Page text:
WTO: Bali ministerial

Defeat in Bali

Print edition : February 07, 2014
The Bali ministerial of the WTO ignores the original development agenda of the Doha Round, but India proclaims as victory an unfair deal meted out to it.

The meeting of Trade Ministers from 159 member countries of the World Trade Organisation (WTO) in December in Bali, Indonesia, managed to revive global interest in the deadlocked Doha Round launched. But a closer look at what was achieved there shows that not only have members digressed from the original course of the Doha Round, but the development agenda, which was its cornerstone, too has disappeared into thin air.

The subsidy question

A simple request made by India and other developing members of the G33 alliance to delete subsidies given on account of public stockholding programmes from the category of actionable subsidies met with mammoth resistance from developed countries.

Given the fact that this request, if granted, would allow developing countries to give price support to poor farmers and also help implement their food security programmes without facing retaliatory action, developed countries should not have had any problem in going along with it. But the United States, the European Union and many others raised a hue and cry claiming that the provision would distort global prices, without paying heed to India’s assurance that crops obtained through the programme would not be released in the international market.

Double standards

When one takes into account the $100-billion-worth of farm subsidies given annually by the U.S. and an equal amount given by the E.U. countries, India’s food security programme, valued at $20 billion, is a pittance. But the argument did not seem to make any sense to the developed world. The unfairness of the existing regime that calculates subsidies on the basis of market prices prevailing in 1986 was also ignored.

All that India and the G33 managed to get in Bali was an interim assurance that legal action would not be taken if food subsidies exceeded the prescribed levels of 10 per cent of the total farm production value and that the matter would be reviewed again after four years.

The interim relief, however, comes ridden with a number of obligations, including furnishing reams of data on the country’s agriculture production, food consumption and various subsidies. The relief would also be null and void if developed countries deemed that the subsidies were distorting global prices.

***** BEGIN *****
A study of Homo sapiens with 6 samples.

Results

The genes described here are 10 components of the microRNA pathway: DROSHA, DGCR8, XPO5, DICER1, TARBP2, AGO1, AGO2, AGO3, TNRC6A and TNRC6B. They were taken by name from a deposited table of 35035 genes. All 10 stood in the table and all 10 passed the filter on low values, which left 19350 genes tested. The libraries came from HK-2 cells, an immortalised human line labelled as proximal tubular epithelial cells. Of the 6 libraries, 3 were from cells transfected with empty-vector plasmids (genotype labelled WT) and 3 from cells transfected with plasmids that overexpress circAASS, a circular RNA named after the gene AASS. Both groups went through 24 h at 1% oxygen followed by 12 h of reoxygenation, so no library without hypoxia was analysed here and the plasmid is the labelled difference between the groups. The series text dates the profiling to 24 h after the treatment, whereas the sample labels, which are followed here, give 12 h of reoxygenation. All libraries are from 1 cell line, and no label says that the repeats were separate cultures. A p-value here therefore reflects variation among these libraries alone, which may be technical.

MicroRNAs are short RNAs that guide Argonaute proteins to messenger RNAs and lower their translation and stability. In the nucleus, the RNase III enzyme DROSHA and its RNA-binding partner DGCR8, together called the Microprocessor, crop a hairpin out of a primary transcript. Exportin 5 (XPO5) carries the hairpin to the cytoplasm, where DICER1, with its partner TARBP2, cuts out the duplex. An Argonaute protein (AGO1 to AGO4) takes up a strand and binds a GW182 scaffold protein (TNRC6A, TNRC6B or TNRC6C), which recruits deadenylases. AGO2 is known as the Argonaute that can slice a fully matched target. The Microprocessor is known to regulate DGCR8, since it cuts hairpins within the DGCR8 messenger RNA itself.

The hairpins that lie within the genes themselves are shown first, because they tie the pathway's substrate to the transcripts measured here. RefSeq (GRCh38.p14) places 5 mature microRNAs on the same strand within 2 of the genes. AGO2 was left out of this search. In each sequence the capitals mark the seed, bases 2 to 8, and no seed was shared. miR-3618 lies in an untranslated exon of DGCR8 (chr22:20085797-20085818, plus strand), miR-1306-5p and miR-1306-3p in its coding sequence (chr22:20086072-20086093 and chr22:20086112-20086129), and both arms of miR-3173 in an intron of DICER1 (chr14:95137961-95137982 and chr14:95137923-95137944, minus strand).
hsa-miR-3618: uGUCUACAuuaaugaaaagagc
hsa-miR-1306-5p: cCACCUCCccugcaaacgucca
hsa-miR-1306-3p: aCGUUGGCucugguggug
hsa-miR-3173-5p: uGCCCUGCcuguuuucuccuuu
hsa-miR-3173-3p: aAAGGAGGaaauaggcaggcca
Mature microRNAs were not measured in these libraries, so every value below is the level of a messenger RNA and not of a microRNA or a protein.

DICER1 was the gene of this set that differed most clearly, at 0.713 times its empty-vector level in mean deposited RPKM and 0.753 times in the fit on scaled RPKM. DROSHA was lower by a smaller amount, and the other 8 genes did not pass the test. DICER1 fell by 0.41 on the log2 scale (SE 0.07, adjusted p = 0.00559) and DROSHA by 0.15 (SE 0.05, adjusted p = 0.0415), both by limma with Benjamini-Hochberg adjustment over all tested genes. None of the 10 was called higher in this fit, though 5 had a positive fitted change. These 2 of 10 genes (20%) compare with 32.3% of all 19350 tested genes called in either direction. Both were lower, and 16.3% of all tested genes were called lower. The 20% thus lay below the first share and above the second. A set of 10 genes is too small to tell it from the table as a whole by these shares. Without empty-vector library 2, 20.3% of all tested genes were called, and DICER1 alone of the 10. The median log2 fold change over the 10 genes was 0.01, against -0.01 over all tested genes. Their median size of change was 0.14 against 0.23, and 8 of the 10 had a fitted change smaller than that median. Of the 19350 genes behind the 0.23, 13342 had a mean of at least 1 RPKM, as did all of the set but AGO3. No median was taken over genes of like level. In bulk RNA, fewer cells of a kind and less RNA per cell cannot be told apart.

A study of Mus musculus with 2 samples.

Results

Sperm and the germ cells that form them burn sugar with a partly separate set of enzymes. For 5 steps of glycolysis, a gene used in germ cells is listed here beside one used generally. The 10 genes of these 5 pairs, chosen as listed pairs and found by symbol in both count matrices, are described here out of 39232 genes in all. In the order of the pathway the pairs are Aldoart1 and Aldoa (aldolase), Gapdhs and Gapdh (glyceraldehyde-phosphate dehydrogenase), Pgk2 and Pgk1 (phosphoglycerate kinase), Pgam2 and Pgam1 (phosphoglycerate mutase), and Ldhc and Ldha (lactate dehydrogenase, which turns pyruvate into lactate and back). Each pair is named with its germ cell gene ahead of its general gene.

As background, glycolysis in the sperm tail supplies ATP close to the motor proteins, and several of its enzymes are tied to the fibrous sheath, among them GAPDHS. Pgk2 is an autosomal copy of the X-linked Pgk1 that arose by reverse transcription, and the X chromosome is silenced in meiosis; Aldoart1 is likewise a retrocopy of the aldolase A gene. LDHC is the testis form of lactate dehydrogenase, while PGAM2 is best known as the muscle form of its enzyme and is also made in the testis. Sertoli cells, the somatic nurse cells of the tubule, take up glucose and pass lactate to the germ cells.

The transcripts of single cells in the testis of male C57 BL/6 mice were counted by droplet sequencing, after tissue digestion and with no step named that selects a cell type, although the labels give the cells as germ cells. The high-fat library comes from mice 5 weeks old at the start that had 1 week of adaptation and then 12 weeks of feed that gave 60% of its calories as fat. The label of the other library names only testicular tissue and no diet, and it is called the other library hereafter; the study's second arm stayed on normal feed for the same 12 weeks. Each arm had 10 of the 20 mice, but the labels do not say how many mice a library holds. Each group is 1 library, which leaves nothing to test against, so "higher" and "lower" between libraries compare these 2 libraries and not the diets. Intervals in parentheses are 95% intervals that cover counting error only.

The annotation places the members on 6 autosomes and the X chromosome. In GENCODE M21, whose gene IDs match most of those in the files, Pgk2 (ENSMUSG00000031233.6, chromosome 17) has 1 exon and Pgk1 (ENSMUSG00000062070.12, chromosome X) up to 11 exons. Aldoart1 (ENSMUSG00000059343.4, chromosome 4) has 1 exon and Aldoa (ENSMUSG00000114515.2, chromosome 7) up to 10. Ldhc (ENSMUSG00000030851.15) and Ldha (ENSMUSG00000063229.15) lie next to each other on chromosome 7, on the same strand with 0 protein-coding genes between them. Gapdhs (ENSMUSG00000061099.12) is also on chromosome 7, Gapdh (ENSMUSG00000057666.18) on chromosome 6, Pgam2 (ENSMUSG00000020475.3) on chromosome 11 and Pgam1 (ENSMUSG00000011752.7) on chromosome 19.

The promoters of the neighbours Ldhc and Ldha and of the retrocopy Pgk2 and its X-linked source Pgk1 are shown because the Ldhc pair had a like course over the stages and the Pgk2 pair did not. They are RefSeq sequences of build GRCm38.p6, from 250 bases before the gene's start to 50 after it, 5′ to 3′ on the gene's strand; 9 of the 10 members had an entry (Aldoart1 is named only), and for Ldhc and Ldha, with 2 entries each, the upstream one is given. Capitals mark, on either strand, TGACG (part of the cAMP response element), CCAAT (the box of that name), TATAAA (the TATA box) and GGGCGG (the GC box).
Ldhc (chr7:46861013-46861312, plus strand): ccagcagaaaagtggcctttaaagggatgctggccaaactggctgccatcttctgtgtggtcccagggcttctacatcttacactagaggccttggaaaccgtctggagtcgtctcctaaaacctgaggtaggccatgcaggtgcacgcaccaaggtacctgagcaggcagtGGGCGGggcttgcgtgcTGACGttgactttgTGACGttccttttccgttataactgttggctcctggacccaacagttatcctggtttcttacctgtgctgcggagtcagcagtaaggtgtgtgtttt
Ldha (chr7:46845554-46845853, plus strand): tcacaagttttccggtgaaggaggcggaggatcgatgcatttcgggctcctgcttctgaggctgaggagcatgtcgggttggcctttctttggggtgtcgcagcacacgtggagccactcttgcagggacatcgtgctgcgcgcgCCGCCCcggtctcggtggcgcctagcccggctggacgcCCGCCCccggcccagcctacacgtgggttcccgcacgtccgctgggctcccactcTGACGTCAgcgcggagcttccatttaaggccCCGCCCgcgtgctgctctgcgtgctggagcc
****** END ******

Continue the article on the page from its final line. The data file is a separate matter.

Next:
Poor countries lose

In return for the cosmetic gain in the area of food security, India had to give its consent to a pact on trade facilitation, which would largely favour developed countries whose infrastructure is much better than that of poorer countries. The pact places an obligation on all members, especially developing countries, to upgrade infrastructure at ports and put in place structures to facilitate the movement of goods across borders.

While India was already upgrading infrastructure on its own, the pact may result in developed countries dictating how it goes about the task and the pace with which it moves as delays could result in penalties.

Now that India has lost its most powerful bargaining chip, it has to be doubly cautious when members come together again to discuss other issues under the Doha Round. It has to especially steer away from areas such as investment and environment where it can be arm-twisted into agreeing to concessions that it has been avoiding so far.

But more importantly, India’s political class has to realise that proclaiming as victory an unfair deal meted out to the country does not augur well for its future in the multilateral forum.